Originally posted by ihadtnowegtum
Originally posted by MrQuetch
I hope this isn't too out of the blue or anything - but I'm fairly new on rustedlogic. I've been looking at this thread for the past year now and am amazed what you guys have been able to both discover and accomplish. So, why am I here you ask?
Well, lately I've been home brewing for the N64, and I've noticed that you guys have a model viewer that allows you to see the Dinosaur Planet N64 leftovers. I was wondering if someone on here - anyone for that matter, could upload those model files as a modern usable format like 3ds., obj., or some other similar format, and zip up all the possible models in a file and attach it to this thread. I'd also like to see whatever textures still exist for the DP64, unfortunately to me, it seems there are not many - correct me if I'm wrong.
So far in my home brewing experience, I've been able to draw different colored polys with alpha using the NuSystem, have got controller input working, and have as of yesterday finally drawn textures and polygons using those textures. So, although that may not sound like much right now (even though I've been learning how the system and C programming works for the past couple months), I think I know enough that we could fake a DP rom, such to the extent where we can pan the camera viewing the existing scenes from the game. About moving characters and stuff like that, I'm afraid that's going to take a long time to learn, but it'd be worth it.
Thanks. Hope to hear from you guys soon!
I think any effort to re-make/restore the game is quite welcome by the fanbase (:
I've kinda been hoping for the same /:
and yeah, 3D programming is something else. I'm briefly touched rendering code a few times. (abstracted nicely by libraries/APIs so I don't have to do the really hard stuff (; ) It'd be worth it for you to learn if you're really into it. and good luck!
Honestly, I was starting to worry this thread was dead... I think it's just no one has had anything to say/add... I've also been lurking quite a while. I had nothing to say/show here, so I didn't say it. I still don't, really.
So, as far as characters and objects in general are concerned (from what I've learned so far), I do know that you have to type-define a structure, and within that structure you can set your variables such as position(x, y, z), health, etc., and then name the structure after that.
x = 0; //declare pos vars (position)
y = 0;
z = 0;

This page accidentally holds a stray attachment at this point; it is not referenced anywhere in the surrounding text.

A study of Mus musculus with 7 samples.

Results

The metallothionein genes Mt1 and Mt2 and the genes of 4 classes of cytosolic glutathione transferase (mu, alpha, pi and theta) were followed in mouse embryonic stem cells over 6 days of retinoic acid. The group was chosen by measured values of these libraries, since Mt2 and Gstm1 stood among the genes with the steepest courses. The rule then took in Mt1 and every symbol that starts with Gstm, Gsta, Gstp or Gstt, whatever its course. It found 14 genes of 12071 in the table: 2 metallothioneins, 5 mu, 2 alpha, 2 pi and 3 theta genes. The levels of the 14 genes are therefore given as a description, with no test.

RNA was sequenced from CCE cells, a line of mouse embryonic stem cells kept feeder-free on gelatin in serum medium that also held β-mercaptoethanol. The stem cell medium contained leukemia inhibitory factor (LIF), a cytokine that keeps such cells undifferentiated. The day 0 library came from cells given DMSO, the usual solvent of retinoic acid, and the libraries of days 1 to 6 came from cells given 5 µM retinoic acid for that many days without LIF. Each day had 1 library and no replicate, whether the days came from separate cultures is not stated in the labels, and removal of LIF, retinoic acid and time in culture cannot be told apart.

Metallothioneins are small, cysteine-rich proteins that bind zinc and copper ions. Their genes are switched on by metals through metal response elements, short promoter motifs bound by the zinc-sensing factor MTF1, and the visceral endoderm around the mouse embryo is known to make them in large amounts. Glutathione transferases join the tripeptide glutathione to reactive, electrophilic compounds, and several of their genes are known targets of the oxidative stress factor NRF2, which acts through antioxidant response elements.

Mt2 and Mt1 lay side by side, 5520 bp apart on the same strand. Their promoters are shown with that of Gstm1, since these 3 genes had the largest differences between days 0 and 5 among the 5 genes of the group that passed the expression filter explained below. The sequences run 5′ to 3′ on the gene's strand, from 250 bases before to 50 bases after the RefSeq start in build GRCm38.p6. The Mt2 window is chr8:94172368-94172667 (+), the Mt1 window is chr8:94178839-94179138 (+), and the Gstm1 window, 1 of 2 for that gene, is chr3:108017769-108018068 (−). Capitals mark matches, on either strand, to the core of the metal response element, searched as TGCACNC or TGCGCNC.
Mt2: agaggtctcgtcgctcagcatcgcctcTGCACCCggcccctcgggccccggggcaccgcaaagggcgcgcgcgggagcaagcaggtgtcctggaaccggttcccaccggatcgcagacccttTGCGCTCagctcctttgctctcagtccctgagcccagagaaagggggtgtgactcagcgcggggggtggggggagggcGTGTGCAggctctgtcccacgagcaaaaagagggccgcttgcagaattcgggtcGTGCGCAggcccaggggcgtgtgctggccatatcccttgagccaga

rotX = 0; //declare rot vars (rotation)
rotY = 0;
rotZ = 0;
isGrounded = false; //whether you've jumped or not
health = 100; //declare important vars
lives = 3;
magic = 100;
scarabs = 0; //declare inventory vars
grubTubs = 0;
binoculars = false;
bouncyBall = false;
havePartner = false; //once you've met either Kyte or Tricky
playerMesh = 0; //0 for Krystal - 1 for Sabre
}playerObj; //name the object, in this case - the player
I doubt that's how some of the game's code could have looked, but this is purely just an example. Of course, this is one of the more simple examples of how the objects work. We could get really complex and start adding type-definitions of arrays which store the position and rotation instead of declaring each one separate.
For another example:
static typedef struct Vec3_p; //declare a global var with a container of 3 for p (position)
static typedef struct Vec3_r; //declare a global var with a container of 3 for r (rotation)
//Vec3 = a vector with 3 values
So, that's a bit more complex, but once it's been defined - and since it's static, that means that for any object we've created that has this var, we don't have to declare it again for every single object. All objects will share these 'Vec3_p' and 'Vec3_r' arrays. Honestly, I'm not sure how the variables were set up for DP64, but they must have been similar in some way. If you think about it, at one point or another, all programmers wonder how something was done. A lot of it comes from learning at your own pace, and learning from your mistakes - thus making you a better programmer.
Besides those variables for positions and rotations, it might also be a good idea to learn about matrices. I've looked into matrices a bit, but I still have some more to learn about them. Basically, by using multiple matrices, we could be able to have animated characters and objects.
For (yet again) another example:
Mtx Head; //define 11 'bones' for a character
} Mtx; //abbreviation for matrix in N64 programming manual
I've still got lots to learn, but maybe this has shown some light on some possibilities. I would like those models and textures though if possible - I cannot seem to see find downloads for anything. Perhaps they aren't even here.